Technology is the fastest-growing industry in New Zealand and a Tauranga deep tech incubator company is helping local and national start-ups get out of the garage and on to the global stage.
WNT Ventures chief executive Carl Jones said it was ''brilliant'' to be involved at ground level and $8 million had been pumped into 13 businesses, which had created about 150 jobs and collectively raised more than $72m.
The businesses were funded in two phases over five years and, while two companies had closed, SoundSwitch - a Tauranga software/hardware DJ, entertainment integration business - had been bought out by American firm DJ Denon.
Sectors the company had invested capital into included artificial intelligence, robotics, agritech, cleantech, consumer electronics, high-performance computing and advanced manufacturing.
Among those companies were Mastaplex, which allowed precise diagnosis of mastitis, Mint Innovation, which recovers valuable metals from electronic waste streams, and TDRI, which used sensing technologies from agriculture and food for roading.
''We have had some fantastic results.''
Jones said WNT was also in the process of raising its third fund of up to $20m to invest into another 15 companies and worked closely with its partners who were key players in their respective fields.
''The returns we are targeting for our funds are three times the money invested, or 25 per cent per annum.''
WNT had also tendered for the next round of technology incubator funding with Callaghan Innovation.
It initially received funding from Callaghan Innovation five years ago but if WNT was successful again the contract would be for eight years.
Priority One chief executive Nigel Tutt said having a successful tech incubator like WNT Ventures was of huge benefit to the region.
''It makes us more attractive to tech-oriented growth companies and helps with the pathway for local companies to grow through access to capital and expertise.
"We are increasingly seeing the development of a comprehensive innovation ecosystem in Tauranga city, reflected in the growth of employment in knowledge-intensive businesses and the transition to a higher-wage economy.''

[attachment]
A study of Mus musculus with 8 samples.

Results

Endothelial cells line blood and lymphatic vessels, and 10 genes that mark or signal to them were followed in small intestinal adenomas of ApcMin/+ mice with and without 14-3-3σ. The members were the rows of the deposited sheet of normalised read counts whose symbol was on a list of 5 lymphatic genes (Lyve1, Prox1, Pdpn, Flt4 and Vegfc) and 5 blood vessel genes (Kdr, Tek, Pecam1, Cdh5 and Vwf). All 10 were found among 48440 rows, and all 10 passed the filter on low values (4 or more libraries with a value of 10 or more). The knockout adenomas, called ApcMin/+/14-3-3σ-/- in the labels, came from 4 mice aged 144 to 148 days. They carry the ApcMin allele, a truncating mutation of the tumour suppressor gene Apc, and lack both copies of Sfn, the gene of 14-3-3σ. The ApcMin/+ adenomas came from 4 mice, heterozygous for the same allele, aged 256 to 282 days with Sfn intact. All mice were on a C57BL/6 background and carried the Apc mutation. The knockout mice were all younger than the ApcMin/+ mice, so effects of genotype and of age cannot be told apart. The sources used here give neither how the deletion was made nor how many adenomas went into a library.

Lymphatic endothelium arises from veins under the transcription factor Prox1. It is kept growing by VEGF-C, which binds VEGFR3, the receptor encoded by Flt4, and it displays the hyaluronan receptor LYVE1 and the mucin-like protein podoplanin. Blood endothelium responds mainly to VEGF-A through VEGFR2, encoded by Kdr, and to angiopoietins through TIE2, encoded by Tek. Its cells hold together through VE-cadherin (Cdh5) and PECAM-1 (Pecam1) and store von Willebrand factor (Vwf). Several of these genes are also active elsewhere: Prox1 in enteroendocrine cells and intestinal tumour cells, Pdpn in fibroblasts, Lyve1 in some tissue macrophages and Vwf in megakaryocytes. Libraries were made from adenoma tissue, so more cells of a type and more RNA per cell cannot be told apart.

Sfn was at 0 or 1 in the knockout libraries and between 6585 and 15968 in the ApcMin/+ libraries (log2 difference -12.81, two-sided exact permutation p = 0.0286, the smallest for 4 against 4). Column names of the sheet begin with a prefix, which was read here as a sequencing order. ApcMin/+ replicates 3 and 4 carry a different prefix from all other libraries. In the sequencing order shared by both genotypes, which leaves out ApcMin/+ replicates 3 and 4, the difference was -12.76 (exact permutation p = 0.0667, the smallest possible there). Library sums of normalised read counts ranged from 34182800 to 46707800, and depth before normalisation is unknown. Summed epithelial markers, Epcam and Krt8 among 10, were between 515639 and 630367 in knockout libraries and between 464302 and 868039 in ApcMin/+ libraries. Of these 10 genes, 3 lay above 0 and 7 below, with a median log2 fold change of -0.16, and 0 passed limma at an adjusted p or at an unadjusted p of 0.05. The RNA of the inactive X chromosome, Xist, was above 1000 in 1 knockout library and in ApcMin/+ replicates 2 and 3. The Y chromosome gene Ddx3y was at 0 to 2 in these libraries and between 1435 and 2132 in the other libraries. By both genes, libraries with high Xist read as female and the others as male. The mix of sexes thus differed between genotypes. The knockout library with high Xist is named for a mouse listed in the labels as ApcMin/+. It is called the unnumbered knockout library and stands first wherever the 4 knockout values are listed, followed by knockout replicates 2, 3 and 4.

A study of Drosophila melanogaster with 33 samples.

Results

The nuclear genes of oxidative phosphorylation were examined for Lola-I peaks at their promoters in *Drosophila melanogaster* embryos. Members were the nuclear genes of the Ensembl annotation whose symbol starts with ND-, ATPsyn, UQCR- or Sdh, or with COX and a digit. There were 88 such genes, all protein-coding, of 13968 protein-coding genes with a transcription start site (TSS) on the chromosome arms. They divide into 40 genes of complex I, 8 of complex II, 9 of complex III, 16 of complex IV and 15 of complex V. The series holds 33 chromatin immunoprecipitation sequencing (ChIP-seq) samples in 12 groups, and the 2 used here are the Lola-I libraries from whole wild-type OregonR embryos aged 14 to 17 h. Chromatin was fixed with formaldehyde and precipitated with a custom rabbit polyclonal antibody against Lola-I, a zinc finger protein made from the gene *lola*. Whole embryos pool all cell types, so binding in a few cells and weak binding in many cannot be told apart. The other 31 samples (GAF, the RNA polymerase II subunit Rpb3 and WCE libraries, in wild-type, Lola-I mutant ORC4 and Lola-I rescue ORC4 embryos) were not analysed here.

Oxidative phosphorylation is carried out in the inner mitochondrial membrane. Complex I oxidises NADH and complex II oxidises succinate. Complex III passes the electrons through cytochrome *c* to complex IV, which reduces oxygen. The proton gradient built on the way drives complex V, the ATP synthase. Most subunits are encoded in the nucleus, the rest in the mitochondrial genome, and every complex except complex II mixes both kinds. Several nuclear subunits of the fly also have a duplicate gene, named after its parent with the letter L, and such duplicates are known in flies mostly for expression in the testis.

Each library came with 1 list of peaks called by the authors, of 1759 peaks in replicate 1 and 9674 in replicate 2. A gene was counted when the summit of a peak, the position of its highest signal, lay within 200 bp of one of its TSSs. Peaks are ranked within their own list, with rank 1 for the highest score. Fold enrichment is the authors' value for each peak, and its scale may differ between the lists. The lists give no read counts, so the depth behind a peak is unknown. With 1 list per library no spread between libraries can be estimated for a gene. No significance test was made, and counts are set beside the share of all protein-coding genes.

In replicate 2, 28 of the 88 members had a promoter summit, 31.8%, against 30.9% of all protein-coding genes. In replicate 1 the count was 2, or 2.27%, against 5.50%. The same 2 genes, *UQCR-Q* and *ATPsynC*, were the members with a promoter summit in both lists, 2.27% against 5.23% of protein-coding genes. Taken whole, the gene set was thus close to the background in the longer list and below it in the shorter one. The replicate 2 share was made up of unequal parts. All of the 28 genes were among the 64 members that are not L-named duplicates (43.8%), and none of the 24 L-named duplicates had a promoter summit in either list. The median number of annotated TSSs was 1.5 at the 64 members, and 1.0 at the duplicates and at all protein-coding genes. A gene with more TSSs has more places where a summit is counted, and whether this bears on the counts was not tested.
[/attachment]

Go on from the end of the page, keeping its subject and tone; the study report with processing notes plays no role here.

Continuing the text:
TECT general manager Wayne Werder said Tauranga needed to shake its $10 Tauranga tag.
''One of the ways to do this is to support new businesses that can provide long-lasting, higher-paying jobs. This benefits the community and drives economic growth.''
He said TECT had supported WNT Ventures as part of a wider plan to support the development of a strong investment ecosystem in Tauranga.
''This includes WNT Ventures, Enterprise Angels, Oriens Private Equity and the new Purpose Capital Fund. The fact that all of this exists right here in Tauranga is great for our growing region.''
Callaghan Innovation market and sectors general manager Erica Lloyd said New Zealand was a hotbed of deep technical and scientific research with the potential to solve many business, consumer and global problems.
''But we are nowhere near reaching our full potential in taking this deep tech down a commercial path. By lifting capability in this space, we create more successful high-value businesses, jobs and exports.''
Technology was the fastest-growing industry in the country and third only to tourism and primary industries, she said.
''So a huge chunk of future high-skilled jobs will be in technology, helping to lift our standard of living.''
SoundSwitch lights up DJs around the world
An integrated lighting system for mobile DJs designed by three mates in Tauranga is being used by famous music artists around the world.
SoundSwitch was the brainchild of Zak Meyers, Callum Jamieson and Matt Watkins who started the company with help from WNT Ventures five years ago.
They developed software which allowed DJs and music artists to control all their lights automatically, eliminating the need to hire someone.
The business is a major success story after being sold in 2018 to American firm DJ Denon - that falls under InMusic, one of the biggest production equipment manufacturers in the world.
Watkins, who still works for SoundSwitch as a product officer, said it had been "one helluva ride" and he has worked with some famous DJs like Eskei83 and artists including Dani Leigh.
''We have just made a yet to be released video with DaniLeigh and she is really blowing up at the moment.''
His job had also enabled him to travel to the United States and Europe where he attended music festivals, trade shows and nightclubs.
''It was super exciting, especially when these artists reached out to us, so it has been pretty cool.''
But it hasn't all been plain sailing and Watkins said SoundSwitch took seven years of hard work.
''The WNT team was great and really inspirational. They had had so much business expertise and we learnt a lot.''
After DJ Denon acquired SoundSwitch it opened another branch in Auckland and now it employs 45 people.